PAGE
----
The table is heavy, solid wood; six chairs, two with arms;
Built back in the day when things were meant to last.
It saw nine tough siblings grow up at, under, and on it,
From the fifties through the seventies;
Many meals, much homework, a dog to catch spillovers;
Not pretty, not even handsome; but utilitarian, hard-working.
It was from her family… not mine,
And we got it because she was so close to her mom,
And took good care of her at the end,
And she wanted to keep the family memory close.
So, now she is gone, too, and I'm moving on.
It is too big, old, ugly, or out of fashion for most today;
But, now it resides with a friend of one of her sisters,
Down on his luck, and he appreciates it a lot.
I kept the 5x8 rug the table stood upon.
It is a muted green with a floral center and borders,
Which appears to come from the 1930s.
I'm downsizing into a smaller space,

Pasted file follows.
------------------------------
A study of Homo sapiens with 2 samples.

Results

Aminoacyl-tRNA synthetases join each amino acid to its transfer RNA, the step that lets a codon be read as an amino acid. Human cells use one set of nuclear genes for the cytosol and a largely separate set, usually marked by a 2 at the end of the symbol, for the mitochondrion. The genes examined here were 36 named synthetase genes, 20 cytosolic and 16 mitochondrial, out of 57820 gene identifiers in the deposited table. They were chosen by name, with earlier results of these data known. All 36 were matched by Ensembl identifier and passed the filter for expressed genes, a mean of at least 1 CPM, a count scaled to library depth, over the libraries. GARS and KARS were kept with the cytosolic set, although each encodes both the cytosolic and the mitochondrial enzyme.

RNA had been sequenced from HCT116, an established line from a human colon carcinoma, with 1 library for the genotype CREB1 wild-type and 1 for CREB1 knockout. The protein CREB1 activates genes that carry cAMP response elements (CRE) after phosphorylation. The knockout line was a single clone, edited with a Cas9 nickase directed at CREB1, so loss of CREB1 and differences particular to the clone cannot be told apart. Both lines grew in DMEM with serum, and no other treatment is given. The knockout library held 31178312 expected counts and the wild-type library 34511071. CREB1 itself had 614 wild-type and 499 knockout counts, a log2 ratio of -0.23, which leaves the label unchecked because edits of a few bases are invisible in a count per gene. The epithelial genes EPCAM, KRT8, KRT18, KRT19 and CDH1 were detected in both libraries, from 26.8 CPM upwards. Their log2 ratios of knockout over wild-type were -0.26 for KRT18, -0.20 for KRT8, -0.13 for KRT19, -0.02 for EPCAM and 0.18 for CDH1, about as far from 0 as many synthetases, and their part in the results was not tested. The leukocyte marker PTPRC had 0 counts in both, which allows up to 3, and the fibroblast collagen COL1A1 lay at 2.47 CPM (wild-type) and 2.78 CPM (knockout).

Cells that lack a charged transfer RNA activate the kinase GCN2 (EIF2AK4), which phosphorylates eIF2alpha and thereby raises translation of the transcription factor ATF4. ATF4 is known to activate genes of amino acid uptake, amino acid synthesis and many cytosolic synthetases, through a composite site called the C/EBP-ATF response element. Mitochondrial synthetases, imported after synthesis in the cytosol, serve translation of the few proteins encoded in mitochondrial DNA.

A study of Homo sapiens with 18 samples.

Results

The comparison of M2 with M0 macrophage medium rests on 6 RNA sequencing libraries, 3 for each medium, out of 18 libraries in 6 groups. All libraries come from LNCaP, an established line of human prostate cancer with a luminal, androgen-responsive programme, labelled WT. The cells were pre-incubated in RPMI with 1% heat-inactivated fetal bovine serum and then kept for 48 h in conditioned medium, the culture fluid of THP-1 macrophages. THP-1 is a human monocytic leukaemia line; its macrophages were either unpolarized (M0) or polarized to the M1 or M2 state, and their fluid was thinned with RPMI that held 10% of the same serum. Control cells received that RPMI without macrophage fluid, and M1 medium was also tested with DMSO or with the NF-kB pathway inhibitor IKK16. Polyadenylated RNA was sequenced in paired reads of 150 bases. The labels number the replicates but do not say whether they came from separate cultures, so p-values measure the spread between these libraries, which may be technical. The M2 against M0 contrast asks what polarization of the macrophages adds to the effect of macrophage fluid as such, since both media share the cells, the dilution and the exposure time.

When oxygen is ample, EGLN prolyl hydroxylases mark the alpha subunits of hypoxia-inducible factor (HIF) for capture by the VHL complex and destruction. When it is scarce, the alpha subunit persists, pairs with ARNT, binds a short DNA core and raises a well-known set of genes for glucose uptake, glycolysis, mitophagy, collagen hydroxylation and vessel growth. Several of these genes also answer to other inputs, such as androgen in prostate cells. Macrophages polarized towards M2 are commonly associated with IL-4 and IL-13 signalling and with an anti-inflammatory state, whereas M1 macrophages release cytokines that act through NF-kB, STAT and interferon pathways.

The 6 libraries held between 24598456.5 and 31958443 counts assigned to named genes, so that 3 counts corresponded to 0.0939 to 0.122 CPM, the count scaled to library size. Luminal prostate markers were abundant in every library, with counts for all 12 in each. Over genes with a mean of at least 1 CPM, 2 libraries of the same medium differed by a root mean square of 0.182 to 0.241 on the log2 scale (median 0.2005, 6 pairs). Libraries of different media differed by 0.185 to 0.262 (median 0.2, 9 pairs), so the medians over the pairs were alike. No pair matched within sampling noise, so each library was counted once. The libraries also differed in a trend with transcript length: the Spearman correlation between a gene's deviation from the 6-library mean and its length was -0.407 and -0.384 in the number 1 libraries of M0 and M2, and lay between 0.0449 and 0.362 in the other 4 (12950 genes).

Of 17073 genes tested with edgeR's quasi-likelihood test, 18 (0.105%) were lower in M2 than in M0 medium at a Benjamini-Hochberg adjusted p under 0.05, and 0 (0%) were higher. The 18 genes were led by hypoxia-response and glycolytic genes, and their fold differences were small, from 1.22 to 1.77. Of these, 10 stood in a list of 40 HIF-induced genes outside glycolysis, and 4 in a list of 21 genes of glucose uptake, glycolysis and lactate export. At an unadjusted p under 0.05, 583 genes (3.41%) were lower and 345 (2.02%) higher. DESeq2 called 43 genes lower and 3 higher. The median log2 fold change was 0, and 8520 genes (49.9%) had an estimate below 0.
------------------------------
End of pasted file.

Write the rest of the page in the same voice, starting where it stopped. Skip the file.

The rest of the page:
So, I'll roll this up and store it for possible future use.
I'm looking right now at the three-inch-square indentations…
The deep imprints left by the four table legs
While it was in our home the last fifteen years or so.
They appear deep enough, and the weave old enough,
That the material will never regain its original appearance.
The longer something stays, the deeper the impression.
The Earth, the Sky, the Oceans…
They are fluid, and ever-changing… and,
They all recover to regain balance after upheaval or storm,
With certain imprints from the event left behind.
And our Spirits, they hold dearly the deep imprints
Of genuinely lived lives, and Souls placed along our paths…
Some to walk part of this Journey with us…
Some to teach us…
They who leave impressions after a meaningful alliance,
As she did,
Which never fade… nor should they…
Nor could they.
This poem has not been translated into any other language yet.I would like to translate this poem
The longer something stays the deeper the impression. A fascinating and beautiful piece of writing. Things don't really matter to us except for the memories that we have with them. This table has a whole world of memories stored in it for you. You have parted with the table, but not the memories. That is the important lesson. And better yet that the table has found itself a worthy home. Your wife manages to spread her love and goodwill even now. Excellent write
Thanks, Mike... everything is more than first meets the eye.